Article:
Aug 1, 2006 12:00 PM
THERE may be some confusion about rules and regulations for secondary spill containment at bulk plant storage locations, but one thing is pretty clear: “most spills occur at the loading rack.”
That was the message from John Storb of Storb Environmental, who was joined in the discussion by Davis Lis of Apex Environmental and Brian Savage of Savage of Savage Associates at the Atlantic Regional Energy Expo in Atlantic City, New Jersey.
“Secondary containment is what most of us are struggling with,” Lis said, adding that if product is stored overnight in a tank truck, secondary containment is required by Environmental Protection Agency (EPA) regulations.
The Spill Prevention, Control & Countermeasures (SPCC) rule also requires companies with qualifying facilities to prepare SPCC plans that contain basic information, including company name, facility location, identity and amount of regulated (oil) substances stored at the facility, a description of the nearest potential receiving water body, and procedures for taking corrective actions and/or countermeasures in response to an oil spill. Although EPA has extended the compliance date to 2007, companies are tasked with preparing SPCC plans.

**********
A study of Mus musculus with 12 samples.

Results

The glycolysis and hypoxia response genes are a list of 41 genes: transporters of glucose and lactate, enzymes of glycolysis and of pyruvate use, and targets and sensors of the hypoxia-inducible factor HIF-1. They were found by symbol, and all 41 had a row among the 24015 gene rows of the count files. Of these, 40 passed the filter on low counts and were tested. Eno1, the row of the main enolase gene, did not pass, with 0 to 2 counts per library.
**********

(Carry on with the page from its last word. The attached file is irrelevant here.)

“A lot of this is up in the air,” Storb said. “Regulators haven't decided on a definition of a loading rack.”
Meanwhile, bulk storage facilities should be maintaining and upgrading their tanks and equipment. Not keeping up with updating can be costly in the long run, Savage said. Replace old pumps and use back-pressure valves, he advised.
When upgrading facilities, a variety of people should be involved in the planning, including equipment suppliers, company accountants, and operations managers, said Savage.
The panel recommended the use of concrete at loading racks, but cautioned designers to insure that all seams and crevices are sealed and the concrete is certified for impermeability.
Storb cautioned about asphalt paving at racks where gasoline is loaded. “Gasoline will erode the asphalt,” he said.
One problem noted by the group applies to storage tanks that could float if there is enough liquid in the containment area prompted by a large spill.
If a facility fails an inspection and is fined, the company should challenge the report, if possible, Savage said.